I'm wondering what the best way to go about storing this data is..

I just have a bunch of objects, with ID's from a database, as I loop through a given set of data, I want to keep track of how many times I use a certain object, so I need to increment the times used for the given object.

Basically what I'm doing is create a priority queue of sorts, where I want to assure that each objects gets used just as many times as the other objects, so I sort the list by occurrence, and use the objects with fewest occurrences first.


In theory, I'd use the SortedSet class + a custom class to do three things: implement #eql?, hash, and <=>. It'd look like this:

class WeightedEntry
  attr_accessor :weight, :object

  def initialize(object)
    @object = object
    @weight = 1

  def hash

  def eql?(other)
    self.equal?(other) || self.object.equal?(other.object)

  def <=>(other)
    self.weight <=> other.weight

  def incr
    @weight += 1

However, looking at the source code (set.rb), this class is only efficient if you also have rbtree somewhere in your load path. So you'll want to make sure to get that as well.

Your next problem is that modifying the weight won't rebalance rbtree. I am not sure how to solve that.

Alas, this is where my data structure-fu gives out and just use Redis, but perhaps this will enlighten you to discover a solution.

Yea, its an interesting problem, the built-in data structure definitely don't handle this well. That algorithms gem looks useful & awesome! Redis might work structurally, but the problem is getting the object back in Rubyland. You're probably better off using that gem... –  wuputah Feb 15 '11 at 17:53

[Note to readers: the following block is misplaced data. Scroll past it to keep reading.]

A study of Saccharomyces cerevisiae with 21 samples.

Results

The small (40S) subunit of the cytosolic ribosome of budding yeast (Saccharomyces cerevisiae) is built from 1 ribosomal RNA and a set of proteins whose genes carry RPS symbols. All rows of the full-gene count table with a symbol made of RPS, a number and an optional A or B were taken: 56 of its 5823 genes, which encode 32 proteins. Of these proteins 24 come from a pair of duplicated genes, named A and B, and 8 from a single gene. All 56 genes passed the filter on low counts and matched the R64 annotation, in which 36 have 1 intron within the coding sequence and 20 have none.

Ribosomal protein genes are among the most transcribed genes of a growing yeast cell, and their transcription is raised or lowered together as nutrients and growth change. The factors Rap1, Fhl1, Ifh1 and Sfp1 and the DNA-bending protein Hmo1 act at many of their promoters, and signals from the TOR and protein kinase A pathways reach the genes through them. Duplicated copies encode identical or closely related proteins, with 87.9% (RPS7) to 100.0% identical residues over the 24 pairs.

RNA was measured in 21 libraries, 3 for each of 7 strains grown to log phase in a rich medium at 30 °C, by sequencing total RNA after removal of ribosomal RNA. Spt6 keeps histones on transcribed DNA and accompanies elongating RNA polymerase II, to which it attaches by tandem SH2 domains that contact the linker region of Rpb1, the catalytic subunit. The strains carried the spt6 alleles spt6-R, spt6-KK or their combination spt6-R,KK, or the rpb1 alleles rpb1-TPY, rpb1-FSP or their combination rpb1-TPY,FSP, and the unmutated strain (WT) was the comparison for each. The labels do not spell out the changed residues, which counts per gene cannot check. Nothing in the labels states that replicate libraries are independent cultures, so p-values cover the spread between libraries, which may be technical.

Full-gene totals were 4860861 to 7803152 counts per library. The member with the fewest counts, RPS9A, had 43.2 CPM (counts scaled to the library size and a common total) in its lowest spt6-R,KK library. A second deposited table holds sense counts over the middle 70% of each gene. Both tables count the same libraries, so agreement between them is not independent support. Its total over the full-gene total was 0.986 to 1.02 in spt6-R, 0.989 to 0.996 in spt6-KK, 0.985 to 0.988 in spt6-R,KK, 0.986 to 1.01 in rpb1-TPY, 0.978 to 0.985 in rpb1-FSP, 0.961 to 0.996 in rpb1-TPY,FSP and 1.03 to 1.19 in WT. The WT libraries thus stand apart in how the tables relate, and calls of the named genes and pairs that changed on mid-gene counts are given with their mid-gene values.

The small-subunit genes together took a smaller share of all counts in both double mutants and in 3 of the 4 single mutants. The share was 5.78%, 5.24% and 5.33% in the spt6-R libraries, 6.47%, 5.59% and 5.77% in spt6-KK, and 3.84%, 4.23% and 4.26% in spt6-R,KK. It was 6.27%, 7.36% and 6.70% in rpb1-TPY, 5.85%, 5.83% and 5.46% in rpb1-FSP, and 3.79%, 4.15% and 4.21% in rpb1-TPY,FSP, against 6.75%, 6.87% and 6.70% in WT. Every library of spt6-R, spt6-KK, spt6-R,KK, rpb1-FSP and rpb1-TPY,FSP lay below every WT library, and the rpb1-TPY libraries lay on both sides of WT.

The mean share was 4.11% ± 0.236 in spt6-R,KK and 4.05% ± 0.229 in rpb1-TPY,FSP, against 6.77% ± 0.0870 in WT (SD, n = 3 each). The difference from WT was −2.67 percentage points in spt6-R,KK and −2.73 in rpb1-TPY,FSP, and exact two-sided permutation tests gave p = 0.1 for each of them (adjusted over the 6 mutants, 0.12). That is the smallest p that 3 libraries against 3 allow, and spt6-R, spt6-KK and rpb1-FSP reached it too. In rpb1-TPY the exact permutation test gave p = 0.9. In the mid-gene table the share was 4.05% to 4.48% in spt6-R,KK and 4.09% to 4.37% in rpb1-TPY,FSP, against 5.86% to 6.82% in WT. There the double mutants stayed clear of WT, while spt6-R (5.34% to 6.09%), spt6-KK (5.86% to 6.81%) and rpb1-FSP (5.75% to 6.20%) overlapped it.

Update: you can find objects by object_id using ObjectSpace._id2ref, so if you stored object IDs in Redis, you could find the instantiated objects this way. Given its an underscore method, I guess it's not recommended to use this, but it seems to work. –  wuputah Feb 15 '11 at 17:58
yea.. I can't believe this isnt used more often.. starting to think I should reconsider my logic haha –  Rabbott Feb 15 '11 at 18:20
up vote 0 down vote accepted

So here is where I ended up.. with a working solution. I used a normal array as a priority queue of sorts, so rather than having the ID of the object be the key, and the value how many times it's been accessed, I simple am storing the object ID in an array.

With an array of ID's, when it comes time to 'increment' I simply delete it from the array, and push it back on the end of the array - since arrays have 'implied' indexes the preserve order.